Authors: Robert Sucher, Cheng-Hong Lin, Barbara Kern, Bettina Zelger, Johann Pratschke, Stefan Schneeberger, W.P. Andrew Lee, Gerald Brandacher
Robert Sucher1,2, Cheng-Hong Lin1, Barbara Kern2,1, Bettina Zelger3, Johann Pratschke2, Stefan Schneeberger2,1, W.P. Andrew Lee1, Gerald Brandacher2,1.
1Department of Plastic and Reconstructive Surgery, Johns Hopkins University School of Medicine, Baltimore, MD, USA; 2Department of Visceral, Transplant and Thoracic Surgery, D. Swarovski Research Laboratory, Innsbruck Medical University, Innsbruck, Austria; 3Department of Pathology, Innsbruck Medical University, Innsbruck, Austria.
Background: To date rat models of experimental face transplantation have been widely used to study basic immunogenetics in composite tissue allotransplantation (CTA). Since the mouse, however, would be a superior model for CTA research we developed a novel surgical technique for allograft revascularization allowing us to perform hemiface transplantation in mice.
Methods: BALB/c hemifacial flaps were transplanted to BALB/c (group 1) or C57BL6 (group 2) recipients using a non-suture cuff technique for vascular anastomosis (n=6). Donor operation consisted of harvesting a myocutaneus hemiface flap with intact common carotid artery (CCA) and external jugular vein (EJV) using superfine microsurgical instruments. In the recipient, the graft was transplanted in an orthotopic position using the CCA and EJV for revascularization.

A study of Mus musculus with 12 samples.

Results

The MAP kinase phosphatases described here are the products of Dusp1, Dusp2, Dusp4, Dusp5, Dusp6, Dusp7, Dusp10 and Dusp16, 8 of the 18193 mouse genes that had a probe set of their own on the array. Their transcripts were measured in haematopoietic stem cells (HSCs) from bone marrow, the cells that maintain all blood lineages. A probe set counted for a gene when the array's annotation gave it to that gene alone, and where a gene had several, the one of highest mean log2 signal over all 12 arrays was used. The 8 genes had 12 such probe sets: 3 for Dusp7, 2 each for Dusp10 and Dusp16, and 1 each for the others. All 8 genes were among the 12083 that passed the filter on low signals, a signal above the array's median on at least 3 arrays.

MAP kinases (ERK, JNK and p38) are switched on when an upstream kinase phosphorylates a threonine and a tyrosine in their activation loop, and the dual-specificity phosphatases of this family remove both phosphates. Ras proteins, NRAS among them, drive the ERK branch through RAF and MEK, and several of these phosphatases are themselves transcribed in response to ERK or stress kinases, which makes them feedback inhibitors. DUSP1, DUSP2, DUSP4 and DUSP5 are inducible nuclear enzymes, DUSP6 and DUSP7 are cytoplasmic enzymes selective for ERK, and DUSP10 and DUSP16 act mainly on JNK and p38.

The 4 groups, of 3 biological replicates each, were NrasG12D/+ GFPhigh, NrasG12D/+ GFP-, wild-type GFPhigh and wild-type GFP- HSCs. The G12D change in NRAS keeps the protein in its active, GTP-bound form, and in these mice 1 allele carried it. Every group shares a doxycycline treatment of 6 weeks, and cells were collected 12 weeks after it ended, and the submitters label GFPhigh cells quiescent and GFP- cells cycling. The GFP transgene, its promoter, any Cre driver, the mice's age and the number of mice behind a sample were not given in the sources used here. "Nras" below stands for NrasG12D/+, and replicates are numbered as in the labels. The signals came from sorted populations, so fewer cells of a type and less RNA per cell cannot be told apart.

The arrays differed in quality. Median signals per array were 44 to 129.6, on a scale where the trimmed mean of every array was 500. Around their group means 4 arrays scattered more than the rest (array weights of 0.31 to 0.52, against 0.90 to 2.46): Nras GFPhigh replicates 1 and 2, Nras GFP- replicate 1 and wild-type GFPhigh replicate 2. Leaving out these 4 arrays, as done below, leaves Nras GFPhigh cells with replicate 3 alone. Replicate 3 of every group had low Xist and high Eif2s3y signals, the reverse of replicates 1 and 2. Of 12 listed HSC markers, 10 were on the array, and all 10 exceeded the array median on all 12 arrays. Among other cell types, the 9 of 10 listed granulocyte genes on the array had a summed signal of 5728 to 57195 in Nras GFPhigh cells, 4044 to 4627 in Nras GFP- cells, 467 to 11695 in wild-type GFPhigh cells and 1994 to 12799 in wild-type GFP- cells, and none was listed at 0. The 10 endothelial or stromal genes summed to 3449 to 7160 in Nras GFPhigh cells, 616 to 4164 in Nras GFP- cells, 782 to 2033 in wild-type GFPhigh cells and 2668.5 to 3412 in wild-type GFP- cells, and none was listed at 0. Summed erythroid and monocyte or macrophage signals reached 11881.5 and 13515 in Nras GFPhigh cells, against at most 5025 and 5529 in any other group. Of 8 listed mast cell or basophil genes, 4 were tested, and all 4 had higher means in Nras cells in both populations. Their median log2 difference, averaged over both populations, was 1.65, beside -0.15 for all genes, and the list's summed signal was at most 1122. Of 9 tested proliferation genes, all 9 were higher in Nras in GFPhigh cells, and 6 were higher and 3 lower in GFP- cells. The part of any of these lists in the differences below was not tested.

Results: After an initial learning curve, transplants could be performed with a constant and high success rate (78%). Operation time was comparable in all groups and lasted 120 ± 15 minutes for the donor and 150 ± 12 minutes for the recipient. All syngeneic grafts survived long term (>100 days). Allograft rejection in group 2 occurred within 14±2 days. H&E stains of syngeneic grafts revealed unaltered muscle and skin histology. Allogeneic grafts gradually showed distinct BANFF rejection patterns over time of rejection similar to those observed after human face transplantation.
Conclusion: This is the first model illustrating that mouse hemiface allotransplantation is technically achievable. The microsurgically demanding procedure may be used to investigate basic immunology and rejection as well as address questions related to nerve regeneration in reconstructive face transplantation.